Necropsy survey of metacarpal fusion in the horse

C. M. Les From the Veterinary Orthopedic Research Laboratory, Department of Anatomy, Physiology, and Cell Biology, School of Veterinary Medicine (Les, Stover), and Division of Statistics (Willits), University of California, Davis CA 95616-8732.




Paired metacarpi obtained at necropsy from 100 horses ranging in age from term fetus to 35 years were examined to estimate the prevalence and sites of metacarpal fusion. Metacarpal fusion was seen in 192 of 200 metacarpi, and 78% of all horses 2 years or older had 2 or more fusions. Fusion of the second metacarpal bone to the third metacarpal bone was significantly (P < 0.001) more common than was fusion of the fourth to the third metacarpal bone. Fusions appeared for the most part in pairs and were bilaterally symmetric. Rooney-Prickett type-A carpometacarpal joint configurations (in which there is no measurable articulation between the third carpal and second metacarpal bones) were rare in this population, and Rooney-Prickett type-B configurations (in which there is a measurable articulation between the third carpal and second metacarpal bones) were observed in 98.5% of metacarpi. Medial metacarpal fusion was positively correlated with age, occupation, and proportion of the proximal projection of the carpometacarpal distal joint surface that was taken by the second metacarpal bone. Lateral metacarpal fusion was positively correlated with age and the proportion of the proximal projection of the carpometacarpal distal joint surface taken by the fourth metacarpal bone.

Horses in performance careers (racing, race training, or show ring occupations) had an earlier development of the first 2 fusions than did horses in other or unknown occupations; development of the third and fourth fusions were not significantly different between occupation groups. The rate of metacarpal fusion per horse-year appeared to be at least 10 times higher than a clinically evident rate.

A variety of gross morphologic features was observed in the fusions from this sample, some of which were small, subtle, and possibly difficult to detect in vivo. It is hypothesized that many instances of metacarpal fusion may be a result of functional adaptation of the metacarpus to increased or changed loading conditions, rather than a response to isolated traumatic events.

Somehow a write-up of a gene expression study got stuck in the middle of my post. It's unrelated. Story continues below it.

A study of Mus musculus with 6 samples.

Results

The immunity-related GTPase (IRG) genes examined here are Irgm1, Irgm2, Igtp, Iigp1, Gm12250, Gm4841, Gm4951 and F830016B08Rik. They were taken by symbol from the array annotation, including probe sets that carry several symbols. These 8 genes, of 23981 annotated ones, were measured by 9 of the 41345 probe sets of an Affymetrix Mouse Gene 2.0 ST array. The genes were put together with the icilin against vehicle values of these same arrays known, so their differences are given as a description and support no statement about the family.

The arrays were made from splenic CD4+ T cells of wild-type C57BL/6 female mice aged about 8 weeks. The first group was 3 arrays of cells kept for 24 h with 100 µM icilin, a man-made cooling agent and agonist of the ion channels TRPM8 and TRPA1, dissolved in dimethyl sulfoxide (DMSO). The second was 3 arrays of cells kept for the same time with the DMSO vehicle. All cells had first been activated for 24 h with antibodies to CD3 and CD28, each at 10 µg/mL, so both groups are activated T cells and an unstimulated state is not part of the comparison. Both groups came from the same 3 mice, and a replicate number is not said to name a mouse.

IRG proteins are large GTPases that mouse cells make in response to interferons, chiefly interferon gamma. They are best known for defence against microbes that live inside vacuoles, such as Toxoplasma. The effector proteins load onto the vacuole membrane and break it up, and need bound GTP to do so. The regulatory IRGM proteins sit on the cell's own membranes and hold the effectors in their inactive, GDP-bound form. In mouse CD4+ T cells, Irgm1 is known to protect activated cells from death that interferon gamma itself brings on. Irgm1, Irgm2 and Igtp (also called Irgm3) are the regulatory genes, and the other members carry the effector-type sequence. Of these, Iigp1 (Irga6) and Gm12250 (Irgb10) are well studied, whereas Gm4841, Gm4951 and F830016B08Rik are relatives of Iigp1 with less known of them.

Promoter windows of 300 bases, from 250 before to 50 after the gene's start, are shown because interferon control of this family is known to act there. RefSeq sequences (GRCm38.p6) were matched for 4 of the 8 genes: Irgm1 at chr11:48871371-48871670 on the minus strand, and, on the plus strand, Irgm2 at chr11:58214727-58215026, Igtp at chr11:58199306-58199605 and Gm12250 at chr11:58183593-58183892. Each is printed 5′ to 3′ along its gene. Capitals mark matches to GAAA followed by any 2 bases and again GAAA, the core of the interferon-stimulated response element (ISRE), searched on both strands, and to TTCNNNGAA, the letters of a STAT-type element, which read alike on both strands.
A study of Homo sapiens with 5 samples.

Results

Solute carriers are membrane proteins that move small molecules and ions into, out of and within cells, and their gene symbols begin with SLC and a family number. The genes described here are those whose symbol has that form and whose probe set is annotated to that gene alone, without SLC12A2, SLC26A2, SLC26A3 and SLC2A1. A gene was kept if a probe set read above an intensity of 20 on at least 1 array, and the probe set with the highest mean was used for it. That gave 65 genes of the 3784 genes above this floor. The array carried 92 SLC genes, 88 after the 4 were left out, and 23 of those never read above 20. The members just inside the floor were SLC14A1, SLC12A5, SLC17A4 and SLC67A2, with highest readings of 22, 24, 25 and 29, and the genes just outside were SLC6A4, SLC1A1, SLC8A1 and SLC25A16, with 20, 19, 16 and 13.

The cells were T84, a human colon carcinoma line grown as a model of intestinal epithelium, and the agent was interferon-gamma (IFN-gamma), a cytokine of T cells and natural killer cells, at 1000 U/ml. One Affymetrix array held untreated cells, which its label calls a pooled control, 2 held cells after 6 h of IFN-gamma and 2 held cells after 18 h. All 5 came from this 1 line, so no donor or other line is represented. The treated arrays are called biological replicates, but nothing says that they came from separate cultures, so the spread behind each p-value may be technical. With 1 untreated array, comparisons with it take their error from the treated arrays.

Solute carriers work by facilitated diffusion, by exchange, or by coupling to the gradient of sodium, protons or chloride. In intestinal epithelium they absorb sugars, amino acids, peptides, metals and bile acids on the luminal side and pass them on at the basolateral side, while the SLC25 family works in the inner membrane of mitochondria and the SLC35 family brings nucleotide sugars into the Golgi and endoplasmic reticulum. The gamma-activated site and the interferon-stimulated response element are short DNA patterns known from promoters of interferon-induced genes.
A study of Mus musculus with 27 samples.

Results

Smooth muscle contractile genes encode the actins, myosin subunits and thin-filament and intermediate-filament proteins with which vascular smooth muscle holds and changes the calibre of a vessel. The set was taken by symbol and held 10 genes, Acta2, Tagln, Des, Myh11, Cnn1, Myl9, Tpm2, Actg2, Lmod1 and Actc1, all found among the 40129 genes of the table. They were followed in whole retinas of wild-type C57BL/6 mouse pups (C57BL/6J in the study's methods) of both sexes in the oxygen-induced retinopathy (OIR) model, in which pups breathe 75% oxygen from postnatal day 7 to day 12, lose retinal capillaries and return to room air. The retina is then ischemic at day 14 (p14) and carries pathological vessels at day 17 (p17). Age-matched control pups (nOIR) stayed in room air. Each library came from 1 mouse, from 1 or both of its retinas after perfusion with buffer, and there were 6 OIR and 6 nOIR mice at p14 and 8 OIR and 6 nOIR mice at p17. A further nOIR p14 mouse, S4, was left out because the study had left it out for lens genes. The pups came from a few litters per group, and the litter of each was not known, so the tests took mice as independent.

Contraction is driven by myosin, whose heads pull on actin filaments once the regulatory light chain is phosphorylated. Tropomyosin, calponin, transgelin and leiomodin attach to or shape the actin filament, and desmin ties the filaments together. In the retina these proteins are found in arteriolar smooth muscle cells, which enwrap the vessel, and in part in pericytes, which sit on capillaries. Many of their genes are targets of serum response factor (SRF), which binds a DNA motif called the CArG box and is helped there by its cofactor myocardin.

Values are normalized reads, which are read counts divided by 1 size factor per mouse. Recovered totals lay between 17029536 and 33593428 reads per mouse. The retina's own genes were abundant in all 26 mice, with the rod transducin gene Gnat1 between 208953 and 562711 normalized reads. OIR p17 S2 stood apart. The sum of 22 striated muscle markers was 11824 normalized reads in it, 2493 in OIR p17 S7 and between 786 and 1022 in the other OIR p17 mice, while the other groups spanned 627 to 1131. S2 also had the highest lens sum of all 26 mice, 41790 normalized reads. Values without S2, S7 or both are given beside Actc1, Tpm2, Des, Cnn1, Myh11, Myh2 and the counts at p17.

SUMMARY

Paired metacarpi obtained at necropsy from 100 horses ranging in age from term fetus to 35 years were examined to estimate the prevalence and sites of metacarpal fusion. Metacarpal fusion was seen in 192 of 200 metacarpi, and 78% of all horses 2 years or older had 2 or more fusions. Fusion of the second metacarpal bone to the third metacarpal bone was significantly (P < 0.001) more common than was fusion of the fourth to the third metacarpal bone. Fusions appeared for the most part in pairs and were bilaterally symmetric. Rooney-Prickett type-A carpometacarpal joint configurations (in which there is no measurable articulation between the third carpal and second metacarpal bones) were rare in this population, and Rooney-Prickett type-B configurations (in which there is a measurable articulation between the third carpal and second metacarpal bones) were observed in 98.5% of metacarpi. Medial metacarpal fusion was positively correlated with age, occupation, and proportion of the proximal projection of the carpometacarpal distal joint surface that was taken by the second metacarpal bone. Lateral metacarpal fusion was positively correlated with age and the proportion of the proximal projection of the carpometacarpal distal joint surface taken by the fourth metacarpal bone.

Horses in performance careers (racing, race training, or show ring occupations) had an earlier development of the first 2 fusions than did horses in other or unknown occupations; development of the third and fourth fusions were not significantly different between occupation groups. The rate of metacarpal fusion per horse-year appeared to be at least 10 times higher than a clinically evident rate.

A variety of gross morphologic features was observed in the fusions from this sample, some of which were small, subtle, and possibly difficult to detect in vivo. It is hypothesized that many instances of metacarpal fusion may be a result of functional adaptation of the metacarpus to increased or changed loading conditions, rather than a response to isolated traumatic events.